By Beth A. Robertson
On the evening of October 26th, I found myself staring at a computer screen, dumbfounded and confused. What I had unwittingly come across was Jian Ghomeshi’s bizarre facebook post that told a story of him being fired from the CBC because of his private sex life. He argued that he was let go when the CBC learned of his enjoyment of “rough sex”, and that a jilted past lover was attempting to launch a “smear campaign,” that recast his sexual tastes as non-consensual. A Toronto Star article published shortly thereafter made the story even more bewildering, as it told of an investigation of Ghomeshi over the last several months involving not just one, but four women whose claims ranged from sexual harassment to violent abuse. Within hours, social media was filled with polarizing discussions of whether or not the allegations were true, with many people deciding to “side” with Ghomeshi. This seemed the case even as evidence mounted against Ghomeshi’s version of events, alongside sex activists and thinkers who problematized his claims that he was a sincere practitioner of BDSM.
A total of nine women have come forward since then to tell of violent sexual encounters with Ghomeshi, including Canadian actress Lucy DeCoutere, as well as author and lawyer Reva Seth. A formal police investigation of Ghomeshi has ensued. And now, a number of Ghomeshi’s staunchest advocates have toned down their once vocal support, the most famous being singer-songwriter Lights, who has since severed ties with Ghomeshi.
The unfolding scandal surrounding Ghomeshi has rightly led to broader discussions about women and sexual assault, perhaps the most pressing being how women are systematically disbelieved and even shamed when they do come forward. An important part of this story is the historical gendering of truth-telling and the consequences of this legacy for women, especially for those who experience sexual violence.
Steven Shapin, in his influential work A Social History of Truth, studies how the concept of factual knowledge historically took shape in seventeenth-century England, particularly examining the sort of person who could allegedly be trusted to provide a reliable account of the world. This person was the “gentleman” whom “one could trust to speak truth.” (xxvi) Due to class privilege, this particular type of man was less restricted, and thereby less influenced, by social pressures as a result of the power he wielded in the society more broadly. The gentleman was therefore in a position to speak truthfully, it was believed, rather than be unduly swayed by others. Shapin charts how this sense of trust shifted to institutional expertise in the modern era. Yet, considering how women were marginalized from such institutions (as Ruth Watts describes, for instance) this gendering of trustworthy knowledge never went away.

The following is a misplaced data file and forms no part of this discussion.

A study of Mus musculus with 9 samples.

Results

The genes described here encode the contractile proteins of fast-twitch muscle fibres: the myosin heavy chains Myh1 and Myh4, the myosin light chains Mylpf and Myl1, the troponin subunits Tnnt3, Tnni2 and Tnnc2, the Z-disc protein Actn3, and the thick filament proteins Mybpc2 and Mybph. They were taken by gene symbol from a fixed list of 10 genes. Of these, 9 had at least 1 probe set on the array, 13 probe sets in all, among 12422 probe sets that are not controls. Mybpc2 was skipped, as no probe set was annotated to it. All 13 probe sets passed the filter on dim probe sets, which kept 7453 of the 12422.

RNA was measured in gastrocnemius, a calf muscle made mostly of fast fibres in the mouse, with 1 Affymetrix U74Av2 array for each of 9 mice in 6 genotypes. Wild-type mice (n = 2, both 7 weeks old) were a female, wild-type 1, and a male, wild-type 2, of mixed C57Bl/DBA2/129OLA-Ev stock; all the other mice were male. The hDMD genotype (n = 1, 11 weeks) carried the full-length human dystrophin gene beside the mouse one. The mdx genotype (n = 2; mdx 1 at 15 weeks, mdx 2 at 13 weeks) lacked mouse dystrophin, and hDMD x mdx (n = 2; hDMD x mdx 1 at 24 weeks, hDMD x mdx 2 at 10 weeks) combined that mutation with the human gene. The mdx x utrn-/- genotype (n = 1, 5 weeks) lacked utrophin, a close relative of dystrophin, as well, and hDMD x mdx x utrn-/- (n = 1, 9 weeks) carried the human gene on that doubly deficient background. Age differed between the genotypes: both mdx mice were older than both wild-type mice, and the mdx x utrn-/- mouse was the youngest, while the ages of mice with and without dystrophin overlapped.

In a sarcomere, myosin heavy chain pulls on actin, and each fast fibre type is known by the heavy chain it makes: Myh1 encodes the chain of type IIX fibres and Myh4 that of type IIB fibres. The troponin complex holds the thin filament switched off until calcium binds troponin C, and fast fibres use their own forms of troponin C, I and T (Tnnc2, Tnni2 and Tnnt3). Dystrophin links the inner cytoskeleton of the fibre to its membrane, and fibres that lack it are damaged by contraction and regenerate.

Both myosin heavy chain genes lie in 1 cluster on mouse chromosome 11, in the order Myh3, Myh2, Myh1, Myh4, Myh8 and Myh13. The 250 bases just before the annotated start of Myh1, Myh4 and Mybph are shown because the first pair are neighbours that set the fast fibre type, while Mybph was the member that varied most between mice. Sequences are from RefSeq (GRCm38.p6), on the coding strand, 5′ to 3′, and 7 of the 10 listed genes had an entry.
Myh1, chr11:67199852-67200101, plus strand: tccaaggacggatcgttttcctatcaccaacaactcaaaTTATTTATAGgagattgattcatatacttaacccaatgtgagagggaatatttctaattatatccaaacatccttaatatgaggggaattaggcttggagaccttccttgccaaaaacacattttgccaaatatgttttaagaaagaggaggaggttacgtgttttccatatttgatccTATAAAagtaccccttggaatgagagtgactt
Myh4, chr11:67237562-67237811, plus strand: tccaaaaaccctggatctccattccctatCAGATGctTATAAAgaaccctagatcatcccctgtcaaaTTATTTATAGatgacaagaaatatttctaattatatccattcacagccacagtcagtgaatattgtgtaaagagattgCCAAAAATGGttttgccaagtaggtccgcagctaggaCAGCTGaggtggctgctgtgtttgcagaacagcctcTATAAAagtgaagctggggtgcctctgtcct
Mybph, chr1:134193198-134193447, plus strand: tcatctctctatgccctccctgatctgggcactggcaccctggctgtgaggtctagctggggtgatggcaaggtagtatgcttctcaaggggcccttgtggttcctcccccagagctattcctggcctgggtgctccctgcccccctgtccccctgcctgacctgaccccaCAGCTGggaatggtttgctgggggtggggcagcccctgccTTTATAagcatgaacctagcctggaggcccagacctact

Much as Evelyn Fox Keller, Donna Haraway, Londa Schiebinger and others have identified, women were consistently placed at the margins of this truth-telling exercise, at best serving as metaphors for the natural world of which men, and particularly the male scientist, needed to explore and probe, even violently so. In fact, the language that was used to describe scientific fact-gathering often invoked misogynist and sexually violent metaphors, such as “the tearing of Nature’s veil,” as Fox Keller tells in her book, Secrets of Life, Secrets of Death.
In contrast to the active, diligent and uninfluenced upper-class man, women were positioned as the exact opposite. They were innately subjective and highly suggestible. More so, if women were perceived as not living up to certain standards of feminine respectability, they were construed as even less reliable. In other words, if a woman was sexually active, dressed or behaved in a particular way, or was judged to be too assertive, she was deemed untrustworthy. Not coincidentally, these same characteristics in a woman justified sexual violence against her, as historians such as Karen Dubinsky have illustrated.
With this history in mind, it is little wonder that so many jumped to Ghomeshi’s defense, even when their support implicitly cast his women accusers as liars. Reading Reva Seth’s account of the reasons why she did not go to police, including that she “had had a drink or two, shared a joint … and had a sexual past,” thus makes a bit more sense in light of how women have been viewed over hundreds of years. An historical distrust of women, particularly of women who are bold enough to speak up, runs deep in our society and plays a pivotal role in a culture where sexual violence against women is not only common, but disturbingly normal.
Beth A. Robertson, Ph.D. is an historian of gender, sexuality and the body who teaches with the Institute of Interdisciplinary Studies at Carleton University. Her SSHRC funded dissertation, entitled In the Laboratory of the Spirits: Gender, Embodiment and the Scientific Quest for Life Beyond the Grave, 1918-1935, examines a transnational network of interwar psychical researchers from the perspective of feminist technoscience and queer theory.